Different Approaches to Graphic Design
14/10/2013 § Leave a comment
I wanted to look into different approaches to presenting graphics as when it comes down to it, my collection will have to appeal to people of my age with similar interests but within a different culture. Of course there is the standard posters etc that Graphic Designers are known to do (and greatly, might I add) but I just wanted to see what else was out there for me to try!
Coming from a textile background I especially loved these portraits by Jenny Hart that I found in Illustration Play (pages 108 to 113) which explores new trends in handcrafted graphics. I researched her further as this is something I will really consider when it comes to presenting my graphic work and you can find a full collection of her embroidery here.
I’ve had plenty of practice with the soldering iron tool used to make these pieces of art and I really love the simplicity of them. She has only used one tool and one material and yet has created something so unique and interesting that it really does prove that less is more. I do however, think that this technique may be a little too simple for my work with Scooters as colour plays an important role with the whole iconography of them. To view Dionne’s most recent work you can click here. On her website you can see that she doesn’t stick to her one material of wood, she has ventured into pottery and embroidery too (like Hart). Images from pages 38 to 41.
Robert Ryan is a highly renowned artist and over the years many have replicated his style. I absolutely love this style; it’s extremely delicate and feminine – almost poetic. I’m not sure if this style would work in relation to my scooter theme as they are commonly known to be cool, bold and vibrant. Although I could create the colour I need, i’m not quite sure the method would create the overall appearance I desire. Images found on pages 156 to 163.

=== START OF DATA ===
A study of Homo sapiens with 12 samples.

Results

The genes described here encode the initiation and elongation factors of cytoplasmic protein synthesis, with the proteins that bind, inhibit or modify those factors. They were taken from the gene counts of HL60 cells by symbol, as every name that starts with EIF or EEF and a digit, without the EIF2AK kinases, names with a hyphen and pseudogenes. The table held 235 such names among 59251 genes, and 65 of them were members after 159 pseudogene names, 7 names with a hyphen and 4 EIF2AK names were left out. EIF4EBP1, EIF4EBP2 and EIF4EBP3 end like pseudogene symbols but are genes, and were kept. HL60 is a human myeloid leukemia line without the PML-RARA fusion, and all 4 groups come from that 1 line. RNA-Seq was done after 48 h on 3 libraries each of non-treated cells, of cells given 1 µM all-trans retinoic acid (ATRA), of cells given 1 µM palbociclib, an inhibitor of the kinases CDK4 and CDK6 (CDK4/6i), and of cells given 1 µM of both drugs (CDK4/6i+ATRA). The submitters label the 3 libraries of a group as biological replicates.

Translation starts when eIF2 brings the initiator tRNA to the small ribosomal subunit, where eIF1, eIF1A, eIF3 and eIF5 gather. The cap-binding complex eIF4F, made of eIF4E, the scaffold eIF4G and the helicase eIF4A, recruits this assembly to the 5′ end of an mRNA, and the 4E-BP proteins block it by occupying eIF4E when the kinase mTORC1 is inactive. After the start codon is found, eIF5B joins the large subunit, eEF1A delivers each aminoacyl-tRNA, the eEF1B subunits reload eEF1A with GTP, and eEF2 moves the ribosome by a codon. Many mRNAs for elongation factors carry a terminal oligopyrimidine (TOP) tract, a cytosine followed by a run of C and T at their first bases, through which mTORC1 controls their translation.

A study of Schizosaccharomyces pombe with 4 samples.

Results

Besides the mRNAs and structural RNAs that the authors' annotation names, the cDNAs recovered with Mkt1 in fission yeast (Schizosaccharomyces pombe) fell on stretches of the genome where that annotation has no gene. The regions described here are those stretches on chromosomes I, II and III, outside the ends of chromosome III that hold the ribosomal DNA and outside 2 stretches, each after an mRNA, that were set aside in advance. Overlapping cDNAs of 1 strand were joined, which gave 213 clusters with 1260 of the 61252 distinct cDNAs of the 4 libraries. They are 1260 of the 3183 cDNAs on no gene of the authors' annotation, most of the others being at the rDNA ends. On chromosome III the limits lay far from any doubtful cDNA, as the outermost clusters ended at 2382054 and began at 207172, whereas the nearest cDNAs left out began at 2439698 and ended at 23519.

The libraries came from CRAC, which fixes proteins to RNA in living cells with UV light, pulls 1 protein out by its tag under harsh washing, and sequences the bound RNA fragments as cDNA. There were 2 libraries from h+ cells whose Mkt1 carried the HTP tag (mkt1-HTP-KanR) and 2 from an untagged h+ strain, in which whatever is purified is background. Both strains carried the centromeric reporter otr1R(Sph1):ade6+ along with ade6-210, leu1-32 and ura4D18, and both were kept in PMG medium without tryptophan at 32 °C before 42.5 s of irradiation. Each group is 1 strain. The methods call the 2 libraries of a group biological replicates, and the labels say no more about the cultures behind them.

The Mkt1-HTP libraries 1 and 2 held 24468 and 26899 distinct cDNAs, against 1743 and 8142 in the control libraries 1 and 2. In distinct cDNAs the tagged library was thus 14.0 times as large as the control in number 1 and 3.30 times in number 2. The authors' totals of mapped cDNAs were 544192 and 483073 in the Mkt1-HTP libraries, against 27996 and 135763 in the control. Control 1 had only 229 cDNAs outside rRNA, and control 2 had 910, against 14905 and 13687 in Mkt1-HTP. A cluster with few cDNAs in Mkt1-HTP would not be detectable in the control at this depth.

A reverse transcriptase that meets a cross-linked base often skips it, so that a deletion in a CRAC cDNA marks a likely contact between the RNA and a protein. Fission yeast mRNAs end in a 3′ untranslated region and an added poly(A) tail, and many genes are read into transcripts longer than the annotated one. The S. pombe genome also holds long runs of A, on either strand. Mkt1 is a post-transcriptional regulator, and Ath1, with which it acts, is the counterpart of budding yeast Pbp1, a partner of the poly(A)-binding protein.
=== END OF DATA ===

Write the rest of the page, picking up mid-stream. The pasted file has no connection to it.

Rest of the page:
I chose to include Harrington in my research as his work immediately grabbed my eye. I loved the thought of been able to look at all the individual pieces of art he has created and put together to create a collection. Once his small selection of work is created, he copies it a bunch of times onto fabric and then stitches them together, almost like a patchwork quilt. I really like the retro feel you initially get and then the burst of modernism when you actually look at it as individual pieces of art. His bold use of colour also means I could easily use this technique with my chosen collection. Images found on pages 96 to 107.
Pelletier’s work is very similar to that of Jenny Hart’s in that she uses stitching too. The alphabet grabbed my eye first and then the red cotton and messiness of it all really made it what it is. After further looking at her work I realised she doesn’t stick to one style either which makes her work as a whole really interesting to view.